At four in the afternoon, students stream into the Starbucks below 1920 Commons. Muffled by orders of cold brews creamed with coconut milk and toffee syrup, “Take Five” croons softly through the speakers on this late February Friday. The weekend slips by and soon, teenagers trudge along the second floor of Fisher–Bennett Hall, where the sticky–sweet melody of “In the Mood” playing through an open office door alleviates Monday’s somber atmosphere. Jazz music—especially in settings teeming with life such as a university campus—often does not beg to be listened to. It instead fills the cracks where silence doesn't suffice and other genres do not fit. However, the space it once inhabited was vast. 

In a musical canon saturated with “yuh's" from Ariana Grande and neon–colored EDM melodies, what once was America’s idea of cultured fun has changed drastically. Nightclubs booming with bossa novas and big band charts occupied weekends now filled with basement–party pop songs. Records etched with the sound waves of Billie Holiday’s heartfelt ballads have been overtaken by streams of Billie Eilish. This raises the question of how today’s generation allowed jazz to slip out of popular culture. In short: Where did jazz go?

According to Erik Broess, a second–year graduate student at Penn’s Music Department, it has not disappeared; we just have to look closer. He teaches Jazz: Style and History and often brings up in class discussions the question of the genre’s disappearance: “Historically, as jazz has progressed each generation, it becomes more and more stratified and spread out. The closest that you would come to a core in jazz is its origins in New Orleans in the 1910s—as soon as you move past that, you start to have diverse styles popping up and people playing different music under the category of jazz.” This idea of a genre being an umbrella term is more aligned with music as an art form than we recognize. Artists do not—and probably should not—create music to adhere to one specific genre. It is the overlap of styles that characterizes an artist, in a manner similar to the way we characterize our music tastes with varying playlists and favorites. 

Jazz has done the same; it has evolved and permeated various areas in a way almost unrecognizable. “Whatever constellation of factors, whether it’s an approach or style that we consider jazz, I think that will exist whether or not it's called jazz,” says Broess. He goes on to mention Esperanza Spalding, a Grammy–winning artist who NPR deemed a modern jazz genius. A lot of praise she receives is for her innovation—from bringing bass into popular music to her intimately heartfelt lyricism. One who is well–versed in jazz’s history would recognize that a lot of inspiration behind her discography is attached to a strand leading straight into New Orleans. Her sound itself, however, does not call listeners back to the floors of the Cotton Club or reminisce the rhythms of Buddy Rich. It is her innovation itself which grants her a home in the niche of jazz icons.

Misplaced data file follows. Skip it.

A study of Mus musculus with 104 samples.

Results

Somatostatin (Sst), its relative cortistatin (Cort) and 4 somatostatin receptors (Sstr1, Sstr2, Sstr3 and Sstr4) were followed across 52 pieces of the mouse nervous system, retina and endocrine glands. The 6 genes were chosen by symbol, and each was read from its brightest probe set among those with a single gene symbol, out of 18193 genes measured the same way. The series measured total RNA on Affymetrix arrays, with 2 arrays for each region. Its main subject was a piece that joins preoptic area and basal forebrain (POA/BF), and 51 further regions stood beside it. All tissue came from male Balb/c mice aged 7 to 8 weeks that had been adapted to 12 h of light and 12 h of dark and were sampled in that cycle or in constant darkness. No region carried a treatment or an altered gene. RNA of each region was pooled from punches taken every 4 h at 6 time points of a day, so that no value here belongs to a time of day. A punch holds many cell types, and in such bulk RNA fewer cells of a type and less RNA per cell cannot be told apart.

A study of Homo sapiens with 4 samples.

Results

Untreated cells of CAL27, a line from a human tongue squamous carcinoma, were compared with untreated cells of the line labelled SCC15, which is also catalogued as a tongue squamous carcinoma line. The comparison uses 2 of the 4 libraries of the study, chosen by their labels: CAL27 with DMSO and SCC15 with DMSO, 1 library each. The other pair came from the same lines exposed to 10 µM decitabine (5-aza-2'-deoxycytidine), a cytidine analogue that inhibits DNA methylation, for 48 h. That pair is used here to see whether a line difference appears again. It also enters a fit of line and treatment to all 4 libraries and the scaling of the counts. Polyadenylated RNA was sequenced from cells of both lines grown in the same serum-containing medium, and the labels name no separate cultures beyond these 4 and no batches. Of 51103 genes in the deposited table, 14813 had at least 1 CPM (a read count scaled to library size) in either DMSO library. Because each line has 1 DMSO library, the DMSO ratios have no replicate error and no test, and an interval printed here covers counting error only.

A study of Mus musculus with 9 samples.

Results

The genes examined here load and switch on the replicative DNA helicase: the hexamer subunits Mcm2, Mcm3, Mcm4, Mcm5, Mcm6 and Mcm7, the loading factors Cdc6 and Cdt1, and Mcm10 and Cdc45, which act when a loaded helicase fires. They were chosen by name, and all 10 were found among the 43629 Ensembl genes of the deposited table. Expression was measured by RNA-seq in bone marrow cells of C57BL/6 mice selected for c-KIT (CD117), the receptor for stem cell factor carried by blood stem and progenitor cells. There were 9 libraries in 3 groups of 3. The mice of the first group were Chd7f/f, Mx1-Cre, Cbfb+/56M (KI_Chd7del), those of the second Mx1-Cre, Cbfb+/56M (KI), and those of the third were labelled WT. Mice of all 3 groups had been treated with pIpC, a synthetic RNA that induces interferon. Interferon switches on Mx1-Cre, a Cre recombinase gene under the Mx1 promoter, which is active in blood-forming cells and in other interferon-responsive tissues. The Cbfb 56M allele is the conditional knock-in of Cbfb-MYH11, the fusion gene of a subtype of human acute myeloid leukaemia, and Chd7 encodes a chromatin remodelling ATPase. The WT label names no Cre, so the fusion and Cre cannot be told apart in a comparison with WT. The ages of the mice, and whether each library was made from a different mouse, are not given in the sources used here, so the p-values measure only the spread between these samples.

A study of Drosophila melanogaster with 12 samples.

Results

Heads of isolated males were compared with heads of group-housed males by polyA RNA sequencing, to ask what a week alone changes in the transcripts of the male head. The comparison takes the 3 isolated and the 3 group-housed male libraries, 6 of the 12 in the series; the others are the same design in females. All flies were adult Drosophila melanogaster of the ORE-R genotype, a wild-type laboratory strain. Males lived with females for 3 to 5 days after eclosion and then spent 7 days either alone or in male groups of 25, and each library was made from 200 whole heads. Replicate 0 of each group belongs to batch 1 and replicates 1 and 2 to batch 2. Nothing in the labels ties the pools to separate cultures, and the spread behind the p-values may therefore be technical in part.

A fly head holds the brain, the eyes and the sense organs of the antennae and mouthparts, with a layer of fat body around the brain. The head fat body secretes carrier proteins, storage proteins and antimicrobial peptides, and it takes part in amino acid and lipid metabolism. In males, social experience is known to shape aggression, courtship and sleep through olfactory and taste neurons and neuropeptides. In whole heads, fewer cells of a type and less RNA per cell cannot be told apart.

In terms of jazz’s image today in popular culture, Broess believes it has evolved dramatically across history. In the early to mid–twentieth century, part of its immediate boom in popularity was because Americans claimed the genre as their most unadulterated art amidst the constant pressure for patriotism. As it has developed and been incorporated into other genres such as hip–hop and R&B, the need for conservation becomes apparent. 

"Pure jazz"—the sector associated with the crystallized Swing Era and legends such as Frank Sinatra—has acquired an elitist, highbrow image. Authoritarians of this trope believe only those who are well–versed in its history and highlights can truly claim the genre. “That barrier to entry is, I think, sort of artificial and constructed through this idea that jazz is high art form that necessitates some cerebral connection and some intellectual invasion before you can actually get it," says Broess, "when really, if people just took it for what it was and engaged with it as an aesthetic art form, they’d be able to appreciate it—whatever that means." 



Elitism in jazz has spurred the idea that “jazz is dying,” a conversation dissected in Damien Chazelle's 2016 hit La La Land. Many do not realize that perpetuating this notion is detrimental, and is pushing the genre out of relevancy more than ever. Just because jazz continues to survive through musicians and coffee–shop music connoisseurs doesn’t mean others cannot, and should not, engage with it.

So, is jazz disappearing? The short answer is no—we just aren't looking hard enough. Go out there and give the genre a try, either by visiting one of Penn’s premiere performances (such as those of Penn Jazz Combos), skipping the next party to check out one of Philadelphia’s best jazz joints, or even just streaming artists like Snarky Puppy or Ella Fitzgerald on Spotify. Broess and other professors teach us that jazz was the past. Ryan Gosling preaches in La La Land that jazz is the future. But we must also realize that jazz is the present, and play it louder than ever.